Latinos are getting out of the ‘other’ box on the U.S. census

The next census in the United States will allow people to identify as Latino/Hispanic as well as other categories under the heading of race/ethnicity.

The desire for a “Latino” option is rooted in current and historical realities. There is a long-standing history of racialization of Latinos in this country.

 Julie A. Dowling

Last Thursday the White House announced a long-awaited decision from the Office of Management and Budget. The new directive will allow for the use of a single “check all that apply” race/ethnicity question with options for Latino/Hispanic and Middle Eastern/North African. This is a monumental step forward in advancing data equity, not just for these groups, but for our ability to accurately compare U.S. racial groups more broadly.

For decades, the U.S. census has maintained separate questions for Latino origin and race, forcing Latinos to choose from options such as white, Black, American Indian, Asian and “other” under the race rubric. Unable to fit themselves into these categories, in 2020, nearly 44% of Latinos either did not answer the race question or marked “other.” In fact, 94% of “other” race responses to the census were Latinos. And “other” became the second-largest racial group in the country in 2020.

But according to federal guidelines, “other” is not a race. And when the Census Bureau then creates population estimates, they have to reallocate absent or “other” responses into existing racial categories. This translates into nearly half of Latinos having a race assigned for them, and in that process most have been reclassified as white.

As one can imagine, having half the racial data for your community literally made up has led to incredibly poor quality racial data for Latinos. But it also means our country’s “white” category has included people who do not identify as white in it, which affects our ability to look critically at racial disparities. Differences among racial groups have been muted somewhat by the inclusion of Latinos in the white category who don’t see themselves as white and are likely not seen as white by others.

To be clear, there are Latinos who identify racially as white, Black, Asian or Indigenous. But there are many — approximately 70%, based on the Census Bureau’s testing of the new question design — who do not see themselves in these categories and prefer “Latino” alone to describe their race.

The desire for a “Latino” option is rooted in current and historical realities. There is a long-standing history of racialization of Latinos in this country. In Texas, for example, Mexican Americans faced Jim Crow-style segregation; they were excluded from schools, public swimming pools, restaurants, movie theaters and even cemeteries.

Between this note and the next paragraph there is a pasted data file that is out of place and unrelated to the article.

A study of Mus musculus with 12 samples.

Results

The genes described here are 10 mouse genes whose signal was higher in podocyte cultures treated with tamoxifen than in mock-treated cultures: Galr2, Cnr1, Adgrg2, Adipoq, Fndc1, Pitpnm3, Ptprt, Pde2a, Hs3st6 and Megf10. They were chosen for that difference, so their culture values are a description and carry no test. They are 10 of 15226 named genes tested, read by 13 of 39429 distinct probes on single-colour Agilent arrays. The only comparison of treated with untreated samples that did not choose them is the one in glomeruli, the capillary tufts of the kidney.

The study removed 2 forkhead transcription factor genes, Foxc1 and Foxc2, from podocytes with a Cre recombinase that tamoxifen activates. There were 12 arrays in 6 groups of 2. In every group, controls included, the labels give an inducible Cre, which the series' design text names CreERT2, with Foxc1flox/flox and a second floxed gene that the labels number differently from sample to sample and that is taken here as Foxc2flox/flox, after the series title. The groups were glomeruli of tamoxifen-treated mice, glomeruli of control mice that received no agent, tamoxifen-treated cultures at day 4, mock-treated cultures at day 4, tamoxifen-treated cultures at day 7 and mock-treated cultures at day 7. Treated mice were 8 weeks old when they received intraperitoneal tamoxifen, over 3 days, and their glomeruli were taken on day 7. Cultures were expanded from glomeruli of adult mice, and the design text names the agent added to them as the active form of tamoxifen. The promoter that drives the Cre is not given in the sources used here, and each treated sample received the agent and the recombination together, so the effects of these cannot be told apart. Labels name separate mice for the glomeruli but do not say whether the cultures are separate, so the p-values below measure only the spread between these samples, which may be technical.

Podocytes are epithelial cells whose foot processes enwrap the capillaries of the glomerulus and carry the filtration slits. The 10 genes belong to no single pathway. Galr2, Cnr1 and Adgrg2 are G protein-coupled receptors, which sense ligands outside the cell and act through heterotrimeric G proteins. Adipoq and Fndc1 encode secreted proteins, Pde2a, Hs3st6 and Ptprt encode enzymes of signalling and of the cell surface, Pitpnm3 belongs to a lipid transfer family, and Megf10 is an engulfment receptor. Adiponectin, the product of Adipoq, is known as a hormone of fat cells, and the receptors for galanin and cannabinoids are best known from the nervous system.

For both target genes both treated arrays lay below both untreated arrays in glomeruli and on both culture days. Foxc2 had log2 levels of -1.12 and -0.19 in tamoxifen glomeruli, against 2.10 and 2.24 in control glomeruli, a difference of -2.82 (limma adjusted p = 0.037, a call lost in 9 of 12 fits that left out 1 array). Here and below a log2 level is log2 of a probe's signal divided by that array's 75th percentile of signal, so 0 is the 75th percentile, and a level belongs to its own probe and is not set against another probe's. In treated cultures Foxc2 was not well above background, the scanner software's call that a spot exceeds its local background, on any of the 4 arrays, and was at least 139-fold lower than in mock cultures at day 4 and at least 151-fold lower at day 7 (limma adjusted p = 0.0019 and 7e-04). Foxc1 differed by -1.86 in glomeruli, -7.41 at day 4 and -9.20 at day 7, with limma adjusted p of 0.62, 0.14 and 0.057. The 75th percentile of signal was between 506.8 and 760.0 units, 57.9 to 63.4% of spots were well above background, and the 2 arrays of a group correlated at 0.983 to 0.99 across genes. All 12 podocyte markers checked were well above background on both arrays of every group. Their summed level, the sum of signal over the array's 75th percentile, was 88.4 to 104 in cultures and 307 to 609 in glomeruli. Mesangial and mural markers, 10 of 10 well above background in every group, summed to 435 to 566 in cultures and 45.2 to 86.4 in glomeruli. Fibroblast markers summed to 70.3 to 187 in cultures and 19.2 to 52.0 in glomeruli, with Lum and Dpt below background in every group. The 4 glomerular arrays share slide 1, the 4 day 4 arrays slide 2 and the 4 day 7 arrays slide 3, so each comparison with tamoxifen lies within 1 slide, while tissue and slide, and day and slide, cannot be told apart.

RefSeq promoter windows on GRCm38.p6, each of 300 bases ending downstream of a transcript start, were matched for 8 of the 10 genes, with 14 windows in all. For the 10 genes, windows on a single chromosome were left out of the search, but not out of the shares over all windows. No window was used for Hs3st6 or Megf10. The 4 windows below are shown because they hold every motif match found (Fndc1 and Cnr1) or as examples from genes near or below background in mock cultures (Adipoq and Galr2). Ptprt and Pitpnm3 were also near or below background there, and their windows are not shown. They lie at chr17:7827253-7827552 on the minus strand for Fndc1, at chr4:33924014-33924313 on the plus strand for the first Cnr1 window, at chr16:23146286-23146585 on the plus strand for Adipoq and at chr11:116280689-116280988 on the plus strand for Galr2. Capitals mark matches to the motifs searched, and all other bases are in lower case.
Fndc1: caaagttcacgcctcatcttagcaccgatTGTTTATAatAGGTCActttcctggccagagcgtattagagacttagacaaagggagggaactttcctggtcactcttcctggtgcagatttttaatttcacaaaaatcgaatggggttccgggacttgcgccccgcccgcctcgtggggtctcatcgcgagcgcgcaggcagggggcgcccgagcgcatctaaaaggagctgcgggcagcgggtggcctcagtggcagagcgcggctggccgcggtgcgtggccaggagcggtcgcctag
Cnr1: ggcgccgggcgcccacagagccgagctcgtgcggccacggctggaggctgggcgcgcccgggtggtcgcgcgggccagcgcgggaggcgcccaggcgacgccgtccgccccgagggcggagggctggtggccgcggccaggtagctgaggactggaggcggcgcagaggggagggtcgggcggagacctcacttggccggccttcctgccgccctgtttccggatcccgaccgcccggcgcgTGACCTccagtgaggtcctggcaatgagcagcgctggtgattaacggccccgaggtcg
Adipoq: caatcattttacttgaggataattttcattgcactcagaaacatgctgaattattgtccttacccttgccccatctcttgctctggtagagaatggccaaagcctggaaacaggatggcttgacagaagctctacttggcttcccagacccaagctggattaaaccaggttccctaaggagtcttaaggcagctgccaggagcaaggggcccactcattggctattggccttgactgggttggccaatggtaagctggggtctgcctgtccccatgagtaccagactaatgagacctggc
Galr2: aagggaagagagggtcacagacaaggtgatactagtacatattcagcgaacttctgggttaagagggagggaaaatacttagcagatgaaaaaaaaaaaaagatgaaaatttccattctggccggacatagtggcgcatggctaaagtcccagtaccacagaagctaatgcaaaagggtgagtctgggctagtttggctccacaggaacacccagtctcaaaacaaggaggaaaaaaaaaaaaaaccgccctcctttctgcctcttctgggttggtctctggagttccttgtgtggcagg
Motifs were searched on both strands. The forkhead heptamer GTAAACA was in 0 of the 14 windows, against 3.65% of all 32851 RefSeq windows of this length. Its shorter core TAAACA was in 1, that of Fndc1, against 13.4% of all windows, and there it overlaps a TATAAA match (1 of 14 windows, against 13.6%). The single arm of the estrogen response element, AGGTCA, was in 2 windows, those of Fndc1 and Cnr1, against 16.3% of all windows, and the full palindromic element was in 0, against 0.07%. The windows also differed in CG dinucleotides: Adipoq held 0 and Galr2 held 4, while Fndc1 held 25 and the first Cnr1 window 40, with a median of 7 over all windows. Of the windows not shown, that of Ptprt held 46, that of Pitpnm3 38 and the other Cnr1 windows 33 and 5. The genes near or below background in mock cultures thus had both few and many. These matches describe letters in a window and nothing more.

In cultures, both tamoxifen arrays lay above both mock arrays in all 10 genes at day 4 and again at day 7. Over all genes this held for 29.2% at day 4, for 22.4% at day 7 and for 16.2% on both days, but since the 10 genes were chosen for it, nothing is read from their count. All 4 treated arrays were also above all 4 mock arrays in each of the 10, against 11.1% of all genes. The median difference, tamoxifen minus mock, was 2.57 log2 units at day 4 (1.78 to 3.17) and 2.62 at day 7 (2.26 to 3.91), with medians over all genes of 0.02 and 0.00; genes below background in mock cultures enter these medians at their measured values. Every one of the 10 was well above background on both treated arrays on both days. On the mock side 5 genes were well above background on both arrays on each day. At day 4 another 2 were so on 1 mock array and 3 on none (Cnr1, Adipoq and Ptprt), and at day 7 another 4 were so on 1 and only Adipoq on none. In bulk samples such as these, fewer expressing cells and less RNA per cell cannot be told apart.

Perhaps one of the most publicly shared stories of this racial Latino discrimination is the story of Felix Longoria, whose body was returned to his home state of Texas in 1949 after he died fighting for his country in World War II, only to be denied burial in his hometown because the funeral home and cemetery were for “whites only.”

In my book on Mexican Americans in Texas, nearly all of the Mexican American respondents I interviewed who lived through the civil rights era recalled facing extreme forms of discrimination such as attending separate schools and seeing signs on restaurants that said things such as “No Dogs, Negros or Mexicans.”

Discrimination against Latinos continues today, and both older and younger Mexican Americans in my study spoke of racist encounters in the workplace, with police, in schools. In fact, despite legislation to end school segregation, today many school districts remain essentially segregated for Latinos, who drop out of school at a higher rate than other groups. A Harvard University study published in 2019 found that across multiple levels — employment, housing and healthcare — Latinos reported discriminatory experiences. When “Latino” is not recognized as a racial category, it is both an affront to history and a denial of these continued experiences with racism.

Because it will be possible that many Latinos will check only the “Latino/Hispanic” box for the race/ethnicity question on the census, concerns have been raised that more specific data about this community will be lost. In fact, research conducted by the Census Bureau shows that including a Latino category in a “check all that apply” format yields more accurate data, not less. Those who identify solely as Latino may check that box; those who identify as Latino and also as white or Black or Asian or Indigenous can make that clear as well.

For example, Census Bureau research revealed that when white Latinos could identify themselves as Latino and white in the new format, those who did were actually white, as opposed to many who do not identify as white but have been assigned to that race. The numbers of Black Latinos remained the same. This means that the new format will better reflect actual racial differences.

This decision to change how the government asks about race and ethnicity is the first change to federal race measurement standards in 27 years. It is long overdue and will much better reflect the experiences of Latinos and Middle Eastern/North African populations who have fought for years to get equitable data for their communities.


Julie A. Dowling is an associate professor of sociology and Latin American and Latino studies at the University of Illinois, Chicago. She is the author of “Mexican Americans and the Question of Race,” and she served on the U.S. Census Bureau’s advisory committee on race and ethnicity from 2014 to 2020.